Monday, May 14, 2007

Windows Vista: Lacking in product conceptual integrity?

From the article Facing the full horror of Windows Vista at iTWire:

So far, Transit has been using Vista Business full-time for a fortnight. And so far, we've found nothing that works better than in Windows XP, dozens of things that are annoyingly different without being a functional improvement, and several things that work at best intermittently and at worst not at all. On the whole, we wish we'd never moved.

Is this what Alan Cooper meant in his book The Inmates Are Running The Asylum when a product can lack conceptual integrity if a team of competent designers don't do their homework, develop personas, create specifications and a storyboard?

Well, I actually remember Cooper bringing up conceptual integrity in the context of not letting users directly define the product with feature requests, etc. Instead, it seems to make more sense to first have a bottom-up research approach where data about the users turns into personas and models which then gives way to a top down design approach from there.

Having random feature injections in lieu of user/persona-driven design seems like a bottom-up design approach which could lead to clunky user experience. Bottom-up research guiding top-down design lends itself to focused, coherent user experiences. That's my take on it anyway.

All that research work is to presumably understand what the user aims to achieve and accomplish and then to allow that knowledge to guide design. A storyboard would show how Vista "works better than Windows XP" from a persona perspective and how the "dozens of things" that are "(annoyingly) different" would be actual functional improvements.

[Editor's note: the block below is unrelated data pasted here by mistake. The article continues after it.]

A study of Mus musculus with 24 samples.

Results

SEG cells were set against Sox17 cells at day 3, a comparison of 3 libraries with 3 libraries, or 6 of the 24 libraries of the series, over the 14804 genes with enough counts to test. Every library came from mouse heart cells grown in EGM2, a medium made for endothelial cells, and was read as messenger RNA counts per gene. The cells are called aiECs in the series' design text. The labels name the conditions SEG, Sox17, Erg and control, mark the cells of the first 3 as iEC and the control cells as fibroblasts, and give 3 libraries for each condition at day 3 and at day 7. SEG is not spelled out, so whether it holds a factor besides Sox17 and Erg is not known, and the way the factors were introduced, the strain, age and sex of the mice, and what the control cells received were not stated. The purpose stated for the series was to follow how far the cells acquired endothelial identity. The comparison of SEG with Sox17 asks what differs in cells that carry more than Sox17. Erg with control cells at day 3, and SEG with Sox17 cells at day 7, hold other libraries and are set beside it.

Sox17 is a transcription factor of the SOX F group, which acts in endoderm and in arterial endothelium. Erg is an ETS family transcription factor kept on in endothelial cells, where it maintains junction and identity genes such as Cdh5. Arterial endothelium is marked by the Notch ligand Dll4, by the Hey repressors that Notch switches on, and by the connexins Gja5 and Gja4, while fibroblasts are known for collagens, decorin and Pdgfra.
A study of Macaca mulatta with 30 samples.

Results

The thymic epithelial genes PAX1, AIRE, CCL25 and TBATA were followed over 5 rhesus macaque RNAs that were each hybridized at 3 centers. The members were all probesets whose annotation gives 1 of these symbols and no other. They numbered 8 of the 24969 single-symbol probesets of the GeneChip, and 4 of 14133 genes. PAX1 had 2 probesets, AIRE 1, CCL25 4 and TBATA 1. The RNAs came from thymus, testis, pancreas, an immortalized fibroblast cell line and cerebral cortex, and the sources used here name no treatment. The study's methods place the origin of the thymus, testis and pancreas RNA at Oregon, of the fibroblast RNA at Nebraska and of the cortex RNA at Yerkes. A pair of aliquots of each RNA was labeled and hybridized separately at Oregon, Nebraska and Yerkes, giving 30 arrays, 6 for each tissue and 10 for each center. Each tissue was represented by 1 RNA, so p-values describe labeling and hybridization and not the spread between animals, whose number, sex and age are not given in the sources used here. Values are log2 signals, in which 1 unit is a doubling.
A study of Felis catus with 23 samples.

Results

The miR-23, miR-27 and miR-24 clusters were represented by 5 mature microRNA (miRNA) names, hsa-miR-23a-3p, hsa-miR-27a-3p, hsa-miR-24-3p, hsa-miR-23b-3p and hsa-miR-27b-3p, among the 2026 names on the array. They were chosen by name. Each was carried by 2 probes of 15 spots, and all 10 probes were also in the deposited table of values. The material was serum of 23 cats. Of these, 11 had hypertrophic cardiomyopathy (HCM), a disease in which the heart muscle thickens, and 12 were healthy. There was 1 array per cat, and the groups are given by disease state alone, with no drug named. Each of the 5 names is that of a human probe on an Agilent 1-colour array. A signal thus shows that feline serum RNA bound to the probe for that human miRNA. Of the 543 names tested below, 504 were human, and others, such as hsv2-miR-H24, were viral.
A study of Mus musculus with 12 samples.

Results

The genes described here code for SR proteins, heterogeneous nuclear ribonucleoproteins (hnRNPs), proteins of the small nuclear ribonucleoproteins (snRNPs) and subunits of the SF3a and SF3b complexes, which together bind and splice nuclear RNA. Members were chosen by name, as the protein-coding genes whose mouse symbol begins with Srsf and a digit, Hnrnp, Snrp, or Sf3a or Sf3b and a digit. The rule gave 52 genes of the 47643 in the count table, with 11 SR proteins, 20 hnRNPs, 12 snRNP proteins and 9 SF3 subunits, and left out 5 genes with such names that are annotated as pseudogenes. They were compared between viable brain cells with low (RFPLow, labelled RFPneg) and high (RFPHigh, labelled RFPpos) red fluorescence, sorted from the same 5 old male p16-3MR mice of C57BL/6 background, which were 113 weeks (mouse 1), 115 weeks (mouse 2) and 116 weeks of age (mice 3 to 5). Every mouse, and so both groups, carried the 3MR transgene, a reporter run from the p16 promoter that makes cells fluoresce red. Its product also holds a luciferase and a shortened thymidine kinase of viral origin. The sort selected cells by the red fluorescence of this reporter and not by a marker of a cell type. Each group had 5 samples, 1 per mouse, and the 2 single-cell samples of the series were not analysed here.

As for the "several things that work at best intermittently and at worst not at all," I'm wondering if that's the job for QA and usability testing.

I doubt Microsoft would embark on the production of Vista without "design due diligence" especially with their roster of notable and brilliant designers and researchers. I'd be interested in seeing what their data looked like and how it translated into product specification, interaction design, and the usability testing results.

It would be even more interesting as a case study if Microsoft technically conducted the entire design and development process appropriately and the iTWire comments are accurate. (I've never even tried Windows Vista so I have no bearing on the accuracy of the comments.)